A new year offers an opportunity for reflection and resolution, and one area that’s seeing a great deal of momentum is HR transformation, particularly for manufacturing firms. Manufacturers face a critical growth hurdle moving into 2017 as the war for talent in engineering and manufacturing technology reaches a tipping point.
According to The Boston Consulting Group and other experts, talent management is the number one management issue facing the automotive sector. Lack of accessible, retainable human capital in key technical spaces will force manufacturing organizations off their growth plans. Successfully competing for and retaining this talent, and focusing it on the goals of manufacturing companies will allow these companies to accelerate growth.
In short: Talent is the new gold asset in many manufacturing organizations. One of my automotive customers recently remarked, “Access to talent is as critical today as access to working capital.”
So why do most HR transformations avoid playing into the huge opportunity to leverage growth through talent management? In my work, and the work of my colleagues in the automotive and manufacturing space, we see three key reasons for failure in broad HR transformations:
- The transformation is considered only an HR transformation. While there may be specific benefits related to the ease of executing and modernizing HR processes, employees are the lifeblood of an organization, and they exist everywhere—mostly outside of the HR organization. Bringing finance, purchasing, engineering, IT, and manufacturing into the mix not only allows HR to be the champion working on behalf of the entire organization, but also enfranchises these other key organizations.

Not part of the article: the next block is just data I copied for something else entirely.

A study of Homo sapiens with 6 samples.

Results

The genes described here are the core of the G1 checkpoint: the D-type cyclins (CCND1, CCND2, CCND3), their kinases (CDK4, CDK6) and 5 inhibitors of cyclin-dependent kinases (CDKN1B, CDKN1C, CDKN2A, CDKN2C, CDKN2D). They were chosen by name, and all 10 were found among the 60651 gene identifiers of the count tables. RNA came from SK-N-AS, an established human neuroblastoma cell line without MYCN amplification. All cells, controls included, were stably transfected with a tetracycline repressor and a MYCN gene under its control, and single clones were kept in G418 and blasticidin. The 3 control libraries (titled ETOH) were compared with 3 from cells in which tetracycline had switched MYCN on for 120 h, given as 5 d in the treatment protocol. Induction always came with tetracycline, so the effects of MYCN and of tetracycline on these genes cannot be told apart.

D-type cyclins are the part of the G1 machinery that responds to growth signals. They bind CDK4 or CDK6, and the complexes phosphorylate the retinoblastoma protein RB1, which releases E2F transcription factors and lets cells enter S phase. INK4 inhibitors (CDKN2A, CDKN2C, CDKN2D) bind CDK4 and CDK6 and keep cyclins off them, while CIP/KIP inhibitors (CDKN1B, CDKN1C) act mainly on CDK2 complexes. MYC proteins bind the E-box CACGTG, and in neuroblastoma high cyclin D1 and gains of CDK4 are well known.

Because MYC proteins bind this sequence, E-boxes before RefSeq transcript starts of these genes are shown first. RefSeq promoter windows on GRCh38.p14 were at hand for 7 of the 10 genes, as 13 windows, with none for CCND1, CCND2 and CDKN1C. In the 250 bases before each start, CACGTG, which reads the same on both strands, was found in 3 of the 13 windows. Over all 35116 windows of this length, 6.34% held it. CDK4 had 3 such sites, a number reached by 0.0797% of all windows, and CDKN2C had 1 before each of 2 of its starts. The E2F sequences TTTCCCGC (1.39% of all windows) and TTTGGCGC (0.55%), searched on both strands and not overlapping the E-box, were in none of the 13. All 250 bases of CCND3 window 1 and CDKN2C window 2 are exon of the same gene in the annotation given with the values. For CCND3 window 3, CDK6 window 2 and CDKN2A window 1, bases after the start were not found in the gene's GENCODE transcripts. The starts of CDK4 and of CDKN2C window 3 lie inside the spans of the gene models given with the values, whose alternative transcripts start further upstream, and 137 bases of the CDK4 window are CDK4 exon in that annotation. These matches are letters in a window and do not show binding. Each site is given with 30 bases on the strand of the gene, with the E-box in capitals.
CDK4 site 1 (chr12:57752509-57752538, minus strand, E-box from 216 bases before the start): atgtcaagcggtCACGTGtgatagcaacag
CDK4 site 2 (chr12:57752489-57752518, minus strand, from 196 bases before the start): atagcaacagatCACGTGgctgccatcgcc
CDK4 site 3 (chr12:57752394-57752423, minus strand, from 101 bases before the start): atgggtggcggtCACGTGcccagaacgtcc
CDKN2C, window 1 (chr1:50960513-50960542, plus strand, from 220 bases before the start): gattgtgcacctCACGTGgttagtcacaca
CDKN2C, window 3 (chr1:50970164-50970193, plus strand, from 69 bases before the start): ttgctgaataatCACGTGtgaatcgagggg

- The transformation does not consider the benefits to other organizations outside of HR. In a recent series of workshops with a large contract manufacturer, our team was able to identify a host of manufacturing area benefits to implementing new HR processes, particularly learning management. These benefits ranged from the immediate (greater compliance, reduced safety incidents, increased talent for task-based improved skills visibility) to the secondary (reduced waste by “error-proofing” processes, increased quality management efficiencies, and reduced overall extraordinary costs). In this case, HR was invited to partner with the manufacturing organization to explore an entire set of outcomes that the organization had not originally considered.
- The transformation is purely business-driven, without regard for existing IT platforms and protocols. While it is essential that organizations leverage a business-driven approach to transformation, doing so without regard to the company heritage around IT can be catastrophic. Some key questions require consideration: Can the IT organization shift to a new or migrate a current platform readily? Can the employees adapt quickly to new processes without IT providing burdensome and expensive “concierge” services? While HR transformations enabled by cloud technologies represent a great method to kick-start a program, even a cloud approach does not operate in a vacuum. We witnessed one organization that had to reboot its discovery of a new HR platform because IT was not in the room, and HR did not have all of the necessary buy-in to actually pull the trigger on a decision. This is wasted time, and wasted time is wasted money to manufacturing companies.
By taking a broad look across the manufacturing organization, HR has a rare opportunity to enable top-line growth while protecting bottom-line operational performance by embracing the current war on talent and meeting it head on. Doing this requires a broad enterprise approach to an HR transformation.
For more future-focused hiring strategies, see Hiring In The Digital Age: What To Consider.